Tales from the Kayasth Kitchen :

Posted by-Kalki Team

Food columnist and writer Anoothi Vishal traces the journey of the Kayasth community by going back to recipes and memories from her grandmothers kitchen in her maiden book. Food evokes memories, especially if it is closely associated with your childhood. The aroma of a certain masala, a special tadka in a dal , melt-inmouth koftas , crunchy pakoras or flavourful curries; all have the ability to stir nostalgia. So it comes as no surprise that popular food columnist and writer, Anoothi Vishals maiden book Mrs. LCs Table: Stories About Kayasth Food and Culture is an inventive and delightful food narrative that combines her memories of her imperious grandmother – Mrs. LC to the world – and her impeccable gourmet sensibilities with endearing tales of feasts and fasts, weddings and charming musical soirees – all accompanied by generously served meals.

The book has 20 recipes that speak of the incredible variety and stunning adaptability of Kayasth communities in different corners of the country, who as bureaucrats in Mughal courts and the British administration alike assimilated elite Muslim manners, culture and food into their universe as easily as they did the westernised ways of the colonial rulers while retaining the essence of their own caste and religion.

The Kayasth are not a geographically or linguistically defined community, but a subcaste spread across the country. So what makes their cuisine so unique, that you decided to write a book on it, we ask? “As a community, the Kayasths are well-known as Indias first bureaucrats. Traditionally well-educated, the members of this privileged community are fairly widely scattered geographically — certainly all over the Indo-Gangetic plain, and even beyond in places such as Hyderabad and West Bengal. Yet, a common cultural thread unites all the sub-sects — the composite Ganga-Jamuni culture, which survives in their lifestyle, speech, sartorial preferences and of course, food practices.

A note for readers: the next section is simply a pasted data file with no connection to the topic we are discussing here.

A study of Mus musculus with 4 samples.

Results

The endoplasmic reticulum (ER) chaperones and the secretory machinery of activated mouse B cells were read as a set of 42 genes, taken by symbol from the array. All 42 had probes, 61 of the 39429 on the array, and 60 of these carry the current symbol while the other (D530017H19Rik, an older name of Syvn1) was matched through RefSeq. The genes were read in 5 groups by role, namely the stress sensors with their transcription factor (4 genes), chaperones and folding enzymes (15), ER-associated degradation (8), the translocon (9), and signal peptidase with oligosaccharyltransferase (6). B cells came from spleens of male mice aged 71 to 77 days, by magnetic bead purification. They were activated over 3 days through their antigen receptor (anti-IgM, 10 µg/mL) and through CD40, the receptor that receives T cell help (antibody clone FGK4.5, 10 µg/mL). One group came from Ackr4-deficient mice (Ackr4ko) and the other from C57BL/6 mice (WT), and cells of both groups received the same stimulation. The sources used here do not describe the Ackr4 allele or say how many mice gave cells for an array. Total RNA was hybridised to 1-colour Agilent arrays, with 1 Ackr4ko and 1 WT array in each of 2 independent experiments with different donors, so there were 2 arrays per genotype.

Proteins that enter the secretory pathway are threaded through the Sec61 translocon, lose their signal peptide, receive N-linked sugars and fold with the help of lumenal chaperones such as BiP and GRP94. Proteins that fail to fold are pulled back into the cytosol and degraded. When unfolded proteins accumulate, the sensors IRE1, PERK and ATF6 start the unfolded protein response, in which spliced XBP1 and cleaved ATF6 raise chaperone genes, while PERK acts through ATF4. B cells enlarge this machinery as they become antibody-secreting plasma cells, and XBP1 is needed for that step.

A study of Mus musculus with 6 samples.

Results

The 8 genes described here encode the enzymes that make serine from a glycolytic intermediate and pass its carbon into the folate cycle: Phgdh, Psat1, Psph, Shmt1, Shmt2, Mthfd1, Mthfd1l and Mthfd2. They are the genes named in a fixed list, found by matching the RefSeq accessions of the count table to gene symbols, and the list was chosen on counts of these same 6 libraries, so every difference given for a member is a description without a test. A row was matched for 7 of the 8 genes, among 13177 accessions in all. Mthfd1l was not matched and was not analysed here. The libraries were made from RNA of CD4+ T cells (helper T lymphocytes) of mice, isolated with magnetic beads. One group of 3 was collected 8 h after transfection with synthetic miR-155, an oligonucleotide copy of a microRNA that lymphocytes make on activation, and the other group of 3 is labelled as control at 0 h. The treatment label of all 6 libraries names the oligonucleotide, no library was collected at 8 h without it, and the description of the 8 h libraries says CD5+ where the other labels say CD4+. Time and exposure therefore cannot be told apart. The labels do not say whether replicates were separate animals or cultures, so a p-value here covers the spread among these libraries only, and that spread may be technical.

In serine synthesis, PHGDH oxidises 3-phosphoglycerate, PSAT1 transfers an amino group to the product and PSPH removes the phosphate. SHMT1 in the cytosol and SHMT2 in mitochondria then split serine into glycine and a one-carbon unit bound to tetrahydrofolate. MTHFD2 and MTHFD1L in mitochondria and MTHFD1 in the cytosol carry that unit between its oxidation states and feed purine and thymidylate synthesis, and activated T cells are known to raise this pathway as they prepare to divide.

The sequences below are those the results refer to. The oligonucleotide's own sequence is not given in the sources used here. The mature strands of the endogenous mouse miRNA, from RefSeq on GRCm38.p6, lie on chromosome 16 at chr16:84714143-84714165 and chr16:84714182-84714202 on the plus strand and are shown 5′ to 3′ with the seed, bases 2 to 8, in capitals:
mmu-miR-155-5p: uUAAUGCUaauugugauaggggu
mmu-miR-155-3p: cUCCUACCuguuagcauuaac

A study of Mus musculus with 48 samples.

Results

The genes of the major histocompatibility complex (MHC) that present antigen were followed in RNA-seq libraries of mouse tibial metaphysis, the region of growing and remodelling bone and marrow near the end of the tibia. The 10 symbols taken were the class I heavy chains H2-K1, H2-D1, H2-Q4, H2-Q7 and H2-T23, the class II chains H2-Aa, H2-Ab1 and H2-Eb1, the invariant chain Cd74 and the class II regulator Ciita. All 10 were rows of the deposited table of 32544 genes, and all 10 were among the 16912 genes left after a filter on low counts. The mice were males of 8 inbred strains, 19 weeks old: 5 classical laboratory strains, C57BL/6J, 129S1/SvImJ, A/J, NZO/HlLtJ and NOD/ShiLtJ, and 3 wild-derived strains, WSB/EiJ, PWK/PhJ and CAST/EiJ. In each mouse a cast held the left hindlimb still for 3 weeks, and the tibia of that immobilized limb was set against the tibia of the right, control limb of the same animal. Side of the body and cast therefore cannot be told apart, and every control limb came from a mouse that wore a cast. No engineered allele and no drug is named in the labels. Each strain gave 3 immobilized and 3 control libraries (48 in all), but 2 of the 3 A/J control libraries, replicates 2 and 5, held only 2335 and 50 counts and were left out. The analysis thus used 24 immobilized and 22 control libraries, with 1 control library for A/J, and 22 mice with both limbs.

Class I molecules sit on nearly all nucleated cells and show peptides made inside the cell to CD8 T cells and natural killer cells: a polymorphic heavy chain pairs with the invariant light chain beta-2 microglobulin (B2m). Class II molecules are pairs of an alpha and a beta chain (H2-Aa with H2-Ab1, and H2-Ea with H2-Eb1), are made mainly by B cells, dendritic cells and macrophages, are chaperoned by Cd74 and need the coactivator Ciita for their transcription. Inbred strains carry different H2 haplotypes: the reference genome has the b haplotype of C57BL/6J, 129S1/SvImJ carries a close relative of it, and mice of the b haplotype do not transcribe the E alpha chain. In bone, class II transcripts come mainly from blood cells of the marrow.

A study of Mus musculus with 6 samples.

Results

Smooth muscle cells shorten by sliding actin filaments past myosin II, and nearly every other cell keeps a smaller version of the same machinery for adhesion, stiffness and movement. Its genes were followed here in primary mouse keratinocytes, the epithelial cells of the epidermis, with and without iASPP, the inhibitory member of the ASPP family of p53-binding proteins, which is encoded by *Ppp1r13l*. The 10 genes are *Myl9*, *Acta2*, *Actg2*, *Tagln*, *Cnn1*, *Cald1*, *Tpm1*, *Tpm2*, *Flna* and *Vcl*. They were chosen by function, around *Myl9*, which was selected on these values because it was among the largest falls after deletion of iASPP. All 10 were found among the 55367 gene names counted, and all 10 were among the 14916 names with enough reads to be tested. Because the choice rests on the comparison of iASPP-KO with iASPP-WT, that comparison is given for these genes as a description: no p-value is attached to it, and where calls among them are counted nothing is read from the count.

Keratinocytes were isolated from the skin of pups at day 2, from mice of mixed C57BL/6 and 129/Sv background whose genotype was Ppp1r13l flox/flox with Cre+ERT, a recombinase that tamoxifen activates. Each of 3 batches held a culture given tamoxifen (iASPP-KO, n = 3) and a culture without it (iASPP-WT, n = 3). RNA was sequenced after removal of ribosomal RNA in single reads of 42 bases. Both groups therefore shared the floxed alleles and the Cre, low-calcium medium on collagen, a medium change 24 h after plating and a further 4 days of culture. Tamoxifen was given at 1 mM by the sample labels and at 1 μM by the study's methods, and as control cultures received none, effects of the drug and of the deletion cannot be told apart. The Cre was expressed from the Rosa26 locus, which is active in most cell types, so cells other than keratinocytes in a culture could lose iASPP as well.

Since I have a knack for food writing, I decided to present the story of the Kayasth community through food,” says Anoothi, speaking at the launch of her book at ITC Grand Chola on Tuesday. The fascinating history of the Kayasths comprises the first part of the book, the entrée, so to say, to the main course. Anoothi has invested depth of emotion in giving a detailed account of the Mathur clan and especially her barima (grandmother), with whom she spent her early years.

“I had been writing columns for a while and it was always intriguing how food has a sociological connect. I thought about how one could link the Kayasth and Ganga-Jamuni culture. I didnt want a recipe book or a food book, but something further. I wanted to connect food with culture,” she explains. But she does elucidate about uniqueness of the cuisine.

“The Kayasth community always believed in using a lot of seasonal produce and ate a lot of meat. The big-ticket dishes on their table even today include the y akhni pulao, mutton pasande, shami kebab. There is an array of faux-meat for the women, who cooked meat perfectly but preferred not to eat it adhering to vegetarian Vaishnavite mores.

Experimenting with simple stuff in their kitchens, they came up with creations such as aate ka keema (mince made with wheat gluten) and moong ki dal ki kaleji (faux liver fashioned out of dal). Though the meat preparations, regularly featured on our festival menu during Dussehra, Diwali and Holi,” she put forth.